ING ends new coal financing, continues to reduce coal portfolio
ING has decided to end our financing of new coal-fired power plants and thermal coal mines worldwide, effective immediately. ING also won’t finance any new clients whose business is over 50 percent reliant on operating coal-fired power plants or thermal coal mines. As part of our responsibility to existing clients, we will honour standing commitments.
Going forward, we will reduce our global credit exposure to thermal coal-related businesses.
This sharpened coal policy comes as ING participates in the United Nations Climate Top Conference in Paris starting 30 November. The COP21, as it’s known, aims to achieve a binding and universal agreement on climate from all the world’s nations. This is a huge challenge considering that the global economy is expected to grow by 150% by the end of 2040, according to the International Energy Agency, with energy needed to quite literally fuel that growth.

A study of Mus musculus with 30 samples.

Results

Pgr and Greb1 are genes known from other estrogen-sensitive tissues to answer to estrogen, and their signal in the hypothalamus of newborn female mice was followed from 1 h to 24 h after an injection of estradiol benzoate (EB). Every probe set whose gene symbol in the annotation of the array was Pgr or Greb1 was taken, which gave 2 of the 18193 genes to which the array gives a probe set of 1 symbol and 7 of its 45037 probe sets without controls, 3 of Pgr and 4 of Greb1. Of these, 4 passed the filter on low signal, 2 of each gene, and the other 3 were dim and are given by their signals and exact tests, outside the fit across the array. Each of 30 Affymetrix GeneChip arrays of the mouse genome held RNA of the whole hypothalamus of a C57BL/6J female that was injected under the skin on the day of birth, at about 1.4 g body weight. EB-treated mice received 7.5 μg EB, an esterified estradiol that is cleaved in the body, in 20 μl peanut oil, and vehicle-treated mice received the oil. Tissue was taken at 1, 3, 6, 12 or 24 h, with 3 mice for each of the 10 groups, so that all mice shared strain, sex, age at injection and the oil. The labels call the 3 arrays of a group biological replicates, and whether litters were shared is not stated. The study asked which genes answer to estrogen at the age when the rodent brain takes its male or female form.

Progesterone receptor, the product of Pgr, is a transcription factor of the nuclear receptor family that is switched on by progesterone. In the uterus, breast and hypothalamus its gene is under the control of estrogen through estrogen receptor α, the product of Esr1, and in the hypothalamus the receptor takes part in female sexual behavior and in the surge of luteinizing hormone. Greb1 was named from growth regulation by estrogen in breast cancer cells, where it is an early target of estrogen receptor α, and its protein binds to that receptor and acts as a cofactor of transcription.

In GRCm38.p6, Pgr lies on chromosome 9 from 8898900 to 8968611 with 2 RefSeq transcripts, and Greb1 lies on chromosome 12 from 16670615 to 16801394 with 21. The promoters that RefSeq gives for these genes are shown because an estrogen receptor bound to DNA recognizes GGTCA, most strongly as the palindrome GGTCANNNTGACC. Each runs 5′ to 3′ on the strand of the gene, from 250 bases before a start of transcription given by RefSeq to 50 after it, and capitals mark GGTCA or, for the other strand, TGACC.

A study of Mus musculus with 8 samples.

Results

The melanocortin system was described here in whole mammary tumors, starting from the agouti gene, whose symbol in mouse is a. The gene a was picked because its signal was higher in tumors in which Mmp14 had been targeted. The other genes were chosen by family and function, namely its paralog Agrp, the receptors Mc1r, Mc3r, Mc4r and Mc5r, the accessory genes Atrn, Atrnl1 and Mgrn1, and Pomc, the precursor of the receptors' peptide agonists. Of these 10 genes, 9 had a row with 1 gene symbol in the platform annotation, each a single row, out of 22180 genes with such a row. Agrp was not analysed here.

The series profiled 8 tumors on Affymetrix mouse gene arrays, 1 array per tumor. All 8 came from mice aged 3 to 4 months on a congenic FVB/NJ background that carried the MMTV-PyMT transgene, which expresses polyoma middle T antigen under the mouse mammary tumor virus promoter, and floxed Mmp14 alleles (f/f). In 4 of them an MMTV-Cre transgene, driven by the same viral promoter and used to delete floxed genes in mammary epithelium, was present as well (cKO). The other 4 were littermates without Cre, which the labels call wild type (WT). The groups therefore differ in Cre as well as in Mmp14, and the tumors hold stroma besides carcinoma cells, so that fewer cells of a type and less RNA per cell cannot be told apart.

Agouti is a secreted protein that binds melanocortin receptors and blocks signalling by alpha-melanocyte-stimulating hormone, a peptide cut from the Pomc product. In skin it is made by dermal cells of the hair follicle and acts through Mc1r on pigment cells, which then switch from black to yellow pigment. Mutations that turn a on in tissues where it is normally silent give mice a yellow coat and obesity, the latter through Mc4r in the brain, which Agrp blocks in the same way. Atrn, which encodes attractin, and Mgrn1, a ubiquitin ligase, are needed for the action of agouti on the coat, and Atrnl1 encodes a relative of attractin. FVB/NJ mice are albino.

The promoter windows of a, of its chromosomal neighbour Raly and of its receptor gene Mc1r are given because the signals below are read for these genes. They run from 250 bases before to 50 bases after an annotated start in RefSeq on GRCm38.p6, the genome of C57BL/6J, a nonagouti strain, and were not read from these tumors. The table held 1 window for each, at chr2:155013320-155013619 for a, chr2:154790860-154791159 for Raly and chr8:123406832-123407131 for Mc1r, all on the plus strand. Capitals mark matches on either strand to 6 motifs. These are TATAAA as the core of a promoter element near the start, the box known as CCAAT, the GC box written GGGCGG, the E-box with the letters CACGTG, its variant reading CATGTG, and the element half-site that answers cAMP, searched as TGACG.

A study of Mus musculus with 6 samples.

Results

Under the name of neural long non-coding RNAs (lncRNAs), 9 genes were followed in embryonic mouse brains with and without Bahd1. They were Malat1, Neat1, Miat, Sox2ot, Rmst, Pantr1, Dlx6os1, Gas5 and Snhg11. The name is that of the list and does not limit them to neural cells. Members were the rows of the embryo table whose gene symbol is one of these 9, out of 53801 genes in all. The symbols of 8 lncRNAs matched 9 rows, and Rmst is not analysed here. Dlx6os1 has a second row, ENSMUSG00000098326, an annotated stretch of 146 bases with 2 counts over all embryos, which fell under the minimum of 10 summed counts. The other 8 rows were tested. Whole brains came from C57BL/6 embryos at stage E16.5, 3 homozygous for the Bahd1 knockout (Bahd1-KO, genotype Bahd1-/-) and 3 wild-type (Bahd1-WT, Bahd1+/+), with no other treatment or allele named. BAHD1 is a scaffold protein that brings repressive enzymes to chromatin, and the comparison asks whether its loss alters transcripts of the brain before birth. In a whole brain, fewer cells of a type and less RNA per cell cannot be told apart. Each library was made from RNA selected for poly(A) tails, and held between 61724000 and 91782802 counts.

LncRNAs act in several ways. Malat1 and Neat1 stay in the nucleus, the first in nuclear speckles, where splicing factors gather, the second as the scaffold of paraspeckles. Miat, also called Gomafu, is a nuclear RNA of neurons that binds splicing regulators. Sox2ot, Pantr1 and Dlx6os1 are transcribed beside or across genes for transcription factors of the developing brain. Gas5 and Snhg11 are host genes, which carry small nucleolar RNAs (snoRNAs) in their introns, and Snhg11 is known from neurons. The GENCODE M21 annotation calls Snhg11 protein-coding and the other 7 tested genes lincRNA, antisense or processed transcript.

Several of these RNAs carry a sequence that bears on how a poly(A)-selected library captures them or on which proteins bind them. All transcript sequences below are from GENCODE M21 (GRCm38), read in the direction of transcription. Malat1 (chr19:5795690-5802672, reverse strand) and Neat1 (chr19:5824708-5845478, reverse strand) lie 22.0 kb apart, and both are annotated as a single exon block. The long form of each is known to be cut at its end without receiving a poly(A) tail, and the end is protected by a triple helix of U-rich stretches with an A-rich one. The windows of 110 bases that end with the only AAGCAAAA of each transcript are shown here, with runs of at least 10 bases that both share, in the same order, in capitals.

“Climate change is an unparalleled challenge for our world, and banks have a real responsibility to play a role in addressing it,” said ING CEO Ralph Hamers. “Today’s step to end our financing of new coal is an important one, and we’ll continue to look for ways to contribute to positive change.”
Our own portfolio shows there’s a clear trend towards financing renewable energy. Forty-three percent of our financing of power generation projects was awarded to renewable energy (wind, solar, water and geothermal power) around the world in 2014, up from 23% in 2009. This makes ING one of the world’s biggest financiers of renewable energy projects.
Our long-standing efforts to address climate change can also be evidenced through our commitment to the CEO Climate Change Statement and more recently the publication of the Climate Statement by the Dutch Banking Association (NVB) and ING’s own climate statement.